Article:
This bill has been opened to the public for suggestions through the MyGov website, although the link has not been provided yet. The deadline for the public to provide comments for the bill is set at December 17, 2022.
Incidentally, the bill has had a long history, and now represents the 4th iteration of India’s data protection regulation. The conversation for regulation of data privacy began in 2017 with the Justice Puttaswamy judgment in the Supreme Court. This historic ruling identified privacy as a fundamental right of citizens of India, prompting the Ministry of Electronics and Information Technology to constitute a committee. The report submitted by the committee—headed by retired Supreme Court Justice BN Srikrishna—formed the skeleton of what is now known as the Digital Personal Data Protection Bill.
The criticism received by the bill prompted MeiTY to create another draft of the bill—one that was eagerly awaited by the Internet-aware citizens of India. The draft aims to establish a new regulatory board known as the ‘Data Protection Board’, which will oversee the execution of the regulation if the bill gets passed into law.
Let’s take a look into some of the key takeaways from the latest draft of the bill.
Consent For Data Collection:
The bill has made clear the specific requirements that need to be put in place for companies to collect personally identifiable information from users. First, the company must ask the data principal for their consent in “clear and plain language” that must “contain a description of personal data sought to be collected”. The user can also withdraw their consent at any time, and the regulation requires the company—and any associated data processor—to stop processing the data.
However, a company can assume “deemed consent” for data collection in situations that warrant it. For example, a company collecting a user’s financial data for a credit score check does not require explicit consent from the user.
Responsible data collection and management:
Companies hold the onus of responsibility to handle user data in a secure manner. Along with “reasonable security safeguards”, companies must also notify the board in case of a data breach.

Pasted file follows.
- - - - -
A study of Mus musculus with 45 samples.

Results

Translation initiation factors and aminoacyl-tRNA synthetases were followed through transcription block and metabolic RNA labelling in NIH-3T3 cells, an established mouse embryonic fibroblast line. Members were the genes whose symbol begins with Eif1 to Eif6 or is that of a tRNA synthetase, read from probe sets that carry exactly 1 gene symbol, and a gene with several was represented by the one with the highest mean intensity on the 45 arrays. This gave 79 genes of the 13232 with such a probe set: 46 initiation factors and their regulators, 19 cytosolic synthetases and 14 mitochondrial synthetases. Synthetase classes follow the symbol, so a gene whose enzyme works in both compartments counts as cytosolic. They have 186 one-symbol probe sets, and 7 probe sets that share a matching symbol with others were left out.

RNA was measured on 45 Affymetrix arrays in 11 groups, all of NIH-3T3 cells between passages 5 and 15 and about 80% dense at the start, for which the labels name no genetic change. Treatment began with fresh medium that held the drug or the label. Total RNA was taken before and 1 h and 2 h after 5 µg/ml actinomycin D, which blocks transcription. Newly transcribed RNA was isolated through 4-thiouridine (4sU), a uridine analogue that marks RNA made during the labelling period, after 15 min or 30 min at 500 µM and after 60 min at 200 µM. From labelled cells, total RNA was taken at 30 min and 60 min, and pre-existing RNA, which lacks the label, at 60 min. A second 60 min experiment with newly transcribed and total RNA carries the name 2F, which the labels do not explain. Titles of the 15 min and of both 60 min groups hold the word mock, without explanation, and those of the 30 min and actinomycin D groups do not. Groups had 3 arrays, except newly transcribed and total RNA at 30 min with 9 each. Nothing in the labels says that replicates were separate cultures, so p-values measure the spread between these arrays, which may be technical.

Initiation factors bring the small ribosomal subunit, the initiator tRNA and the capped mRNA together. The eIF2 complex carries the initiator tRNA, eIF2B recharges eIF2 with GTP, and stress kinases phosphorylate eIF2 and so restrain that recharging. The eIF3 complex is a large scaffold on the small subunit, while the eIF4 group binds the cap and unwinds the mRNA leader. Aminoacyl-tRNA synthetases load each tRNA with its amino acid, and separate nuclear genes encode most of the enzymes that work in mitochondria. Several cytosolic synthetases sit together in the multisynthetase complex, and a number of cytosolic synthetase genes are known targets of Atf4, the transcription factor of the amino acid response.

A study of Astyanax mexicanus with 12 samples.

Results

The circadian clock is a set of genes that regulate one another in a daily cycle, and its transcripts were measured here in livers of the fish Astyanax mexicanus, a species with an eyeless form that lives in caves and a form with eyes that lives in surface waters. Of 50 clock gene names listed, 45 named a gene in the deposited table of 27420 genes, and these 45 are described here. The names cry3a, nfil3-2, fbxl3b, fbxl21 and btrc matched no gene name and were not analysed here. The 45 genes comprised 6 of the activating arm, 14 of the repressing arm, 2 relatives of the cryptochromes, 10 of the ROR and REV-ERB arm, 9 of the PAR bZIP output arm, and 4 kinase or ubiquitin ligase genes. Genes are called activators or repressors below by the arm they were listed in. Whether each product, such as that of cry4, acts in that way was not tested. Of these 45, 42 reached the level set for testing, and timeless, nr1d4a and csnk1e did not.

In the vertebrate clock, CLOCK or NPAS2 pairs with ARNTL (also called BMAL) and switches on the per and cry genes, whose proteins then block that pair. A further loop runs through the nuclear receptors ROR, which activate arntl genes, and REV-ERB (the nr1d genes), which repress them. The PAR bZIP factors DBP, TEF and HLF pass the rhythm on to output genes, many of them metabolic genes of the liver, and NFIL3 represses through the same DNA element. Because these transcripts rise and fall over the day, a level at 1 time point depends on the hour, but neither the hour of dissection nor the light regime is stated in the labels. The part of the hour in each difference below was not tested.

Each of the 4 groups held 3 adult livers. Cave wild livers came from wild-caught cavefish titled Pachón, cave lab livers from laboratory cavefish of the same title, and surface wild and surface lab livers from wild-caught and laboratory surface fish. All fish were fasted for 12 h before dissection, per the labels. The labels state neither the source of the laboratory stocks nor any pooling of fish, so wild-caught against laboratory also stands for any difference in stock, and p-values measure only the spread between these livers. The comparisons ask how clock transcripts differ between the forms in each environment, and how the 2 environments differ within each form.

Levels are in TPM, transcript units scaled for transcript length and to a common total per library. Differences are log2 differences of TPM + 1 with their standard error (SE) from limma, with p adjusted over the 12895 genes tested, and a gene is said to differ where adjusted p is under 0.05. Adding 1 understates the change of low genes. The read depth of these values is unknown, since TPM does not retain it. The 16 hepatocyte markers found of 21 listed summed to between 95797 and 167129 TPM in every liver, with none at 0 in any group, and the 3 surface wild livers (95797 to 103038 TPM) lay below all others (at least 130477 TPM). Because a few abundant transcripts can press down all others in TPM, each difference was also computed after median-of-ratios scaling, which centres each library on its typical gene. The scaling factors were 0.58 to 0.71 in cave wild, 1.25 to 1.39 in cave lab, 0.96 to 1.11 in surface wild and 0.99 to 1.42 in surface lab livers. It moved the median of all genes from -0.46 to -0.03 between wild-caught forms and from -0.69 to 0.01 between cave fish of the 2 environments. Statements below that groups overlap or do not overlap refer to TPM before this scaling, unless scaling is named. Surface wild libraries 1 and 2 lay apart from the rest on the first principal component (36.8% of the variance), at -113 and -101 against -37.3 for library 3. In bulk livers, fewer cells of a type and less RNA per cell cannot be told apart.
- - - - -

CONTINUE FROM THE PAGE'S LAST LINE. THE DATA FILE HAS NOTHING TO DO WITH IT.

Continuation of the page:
These organisations are also expressly required to obtain “verifiable parental consent” before collecting the data of children. Moreover, they are not allowed to collect data that is likely to cause harm to a child, or engage in tracking or behavioural monitoring of children’s activities.
Rights of users:
Users have the right to ask companies a summary of what data is being processed and what activities are being undertaken on that data. Moreover, companies are also required to give information on the different parties they have shared the information with.
Users also have the right to ask companies to erase their personal data, unless it is required to be held for a legal purpose.
Transfer of personal data outside India:
One of the primary pain points of previous drafts of the bill was the fact that companies were not allowed to transfer data outside of India. The new draft amends this issue, allowing companies to transfer data to a number of countries that will be vetted by the Indian government.
However, certain kinds of data can be exempted from this, such as data sensitive to the functioning of India as a whole. The government can also exempt companies from this law depending on the nature of personal data collected.
Functions of the Data Protection Board:
The Board exists to determine non-compliance of the law and to impose penalties on those who do not follow the regulation. In case of a personal data breach, the regulation also allows for the Board to step in and “adopt any urgent measures to. . . mitigate any harm” caused to users.
The Board also has the power to “inspect any data, book, register. . . or any other document”.
Financial penalties for non-compliance:
The act levies fines up to INR 250 crores for non-compliance in the case of a personal data breach. Non-approved data collection of children—and failure to report a data breach to the Board—nets a fine of INR 200 crores.
Another notable point is that the central government may amend the Act to increase the penalty specified in the act. However, these amendments must be proposed in Parliament before coming into law.
While the new draft offers some much needed changes to the existing draft, there are still some issues which have not been addressed in the regulation. First is the question of whether the government can ask tech companies to hand over user data citing legal reasons. Secondly, the issue of data localisation has also not been raised in this regulation—skipping over one of the most important concerns raised by companies regarding this regulation.
The law has been opened up to the public for suggestions by the Minister for Railways, Communications, Electronics and Information Technology, Ashwini Vaishnaw. It is left to see what shape the regulation takes when tabled in the next session of the Parliament.